For the Dig‘s endorsement of Marty Walsh for mayor, click HERE.
BOSTON CITY COUNCIL
City Hall will be a markedly altered beast without the crop of current councilors who ran for mayor and already lost. But while we’re sad to see Felix G. Arroyo (At-Large), Rob Consalvo (District 5), and Mike Ross (District Eight) leave, we’re excited and a bit relieved at the prospect of promising pols like Frank Baker (District 3), Matt O’Malley (District 6), and Ayanna Pressley (At-Large) sticking around. We endorse those three, plus incumbents Mark Ciommo (District 9) and failed mayoral candidate Charles Yancey (District 4)–the latter of whom is still running for the seat he’s held for three decades–on the merit of their consistent constituent representation.
In District 5, we stand with Jean-Claude Sanon,
a passionate Haitian-American community advocate and radio host. His success already speaks to the power of that growing ethnic block in Boston politics, and that’s a great thing.
On the opposite side of town, in District 8, we choose civic booster
Mike Nichols over Josh Zakim, whose seeming coziness with businesses
across the board is troubling for someone
who claims such staunchly liberal laurels.
For the most contested race around, in District 2, it should go without saying that we back brilliant newcomer Suzanne Lee over wet City Hall sofa Bill Linehan, who we’ve found to be an asshole for some time, but who has really shown his stripes in this election.
For more new blood, we back
the staunchly anti-casino underdog Brian Gannon
Sal LaMattina in District 1.
District 7 was a much tougher decision. Current Councilor Tito Jackson is the coolest guy around, and said personality has opened doors for Roxbury that were previously closed during the contentious tenure of Chuck Turner. At the same time, the Dudley Square and Grove Hall areas need more than just a dedicated and beloved servant–they need someone willing to form massive and aggressive coalitions that will descend on City Hall like a mob. Longtime outspoken activist Jamarhl Crawford has proven he can apply such pressure. We recommend him for Roxbury, especially since Jackson could make a fine addition to the next mayoral administration in any number of capacities.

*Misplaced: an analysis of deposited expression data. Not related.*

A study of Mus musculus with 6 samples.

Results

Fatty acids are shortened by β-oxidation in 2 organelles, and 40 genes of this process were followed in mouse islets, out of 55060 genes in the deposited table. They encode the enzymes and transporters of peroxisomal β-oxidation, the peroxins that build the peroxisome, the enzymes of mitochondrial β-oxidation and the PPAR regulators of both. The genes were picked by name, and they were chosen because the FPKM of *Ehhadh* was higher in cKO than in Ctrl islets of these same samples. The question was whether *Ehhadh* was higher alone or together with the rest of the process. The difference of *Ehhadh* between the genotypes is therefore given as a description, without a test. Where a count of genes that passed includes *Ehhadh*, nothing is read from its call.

Which brings us to the citywide seats. In addition to Pressley, we endorse Michelle Wu, whose deep connection with voters has mesmerized us. No offense to former Councilor-At-Large Michael Flaherty and longtime fixture Stephen Murphy, both of whom have served this city well, but for our last two choices we pick Annissa Essaibi-George, a Dorchester small business owner, and Jeff Ross, a reliable progressive voice who, if elected, would be our only gay council member. Regardless of how this plays out, though, Boston can rest assured that the chamber will at least be in reasonable hands.
CAMBRIDGE CITY COUNCIL
We can’t think of a person we would rather see in office anywhere in Massachusetts than Nadeem Mazen, a former Occupy Boston media team member and co-founder of the Central Square design and laser magic outfit Danger!Awesome. A forward-thinker of the highest order, Mazen can help bring Cambridge City Hall into this century. Otherwise, while there are 25 hopefuls vying for nine seats–many of whom are no doubt talented in their own ways–we can only confidently recommend incumbent Craig Kelley, who has fought against popular but unfortunate measures in the past, plus small business advocate Janneke House and another newcomer, Dennis Carlone, who has area activists and tech smarties alike stoked about his candidacy. It’s about time that younger Cambridge residents made their voices heard at the ballot box.
SOMERVILLE BOARD OF ALDERMEN
As the Dig discovered while doing research for our recent series on municipal chicanery in Somerville, City Hall there is essentially run like a pay-to-play political machine in 1952. In the ward races, there are four candidates who could help curb the apparent criminal enterprise that is the All-America City: Iraq War veteran and labor organizer Matt McLaughlin in Ward 1, true progressive Suzanne Bremer in Ward 3, School Committee member Mark Niedergang in Ward 5, and longtime community voice Katjana Ballantyne (over local legacy Joe Capuano) in Ward 7. Most importantly, for Alderman-At-Large seats, we endorse all-around everyday guy Sean Fitzgerald and Bill White, the latter of whom has been one of the few Somerville pols with the courage to speak out against the municipality’s enduring plague of mismanagement.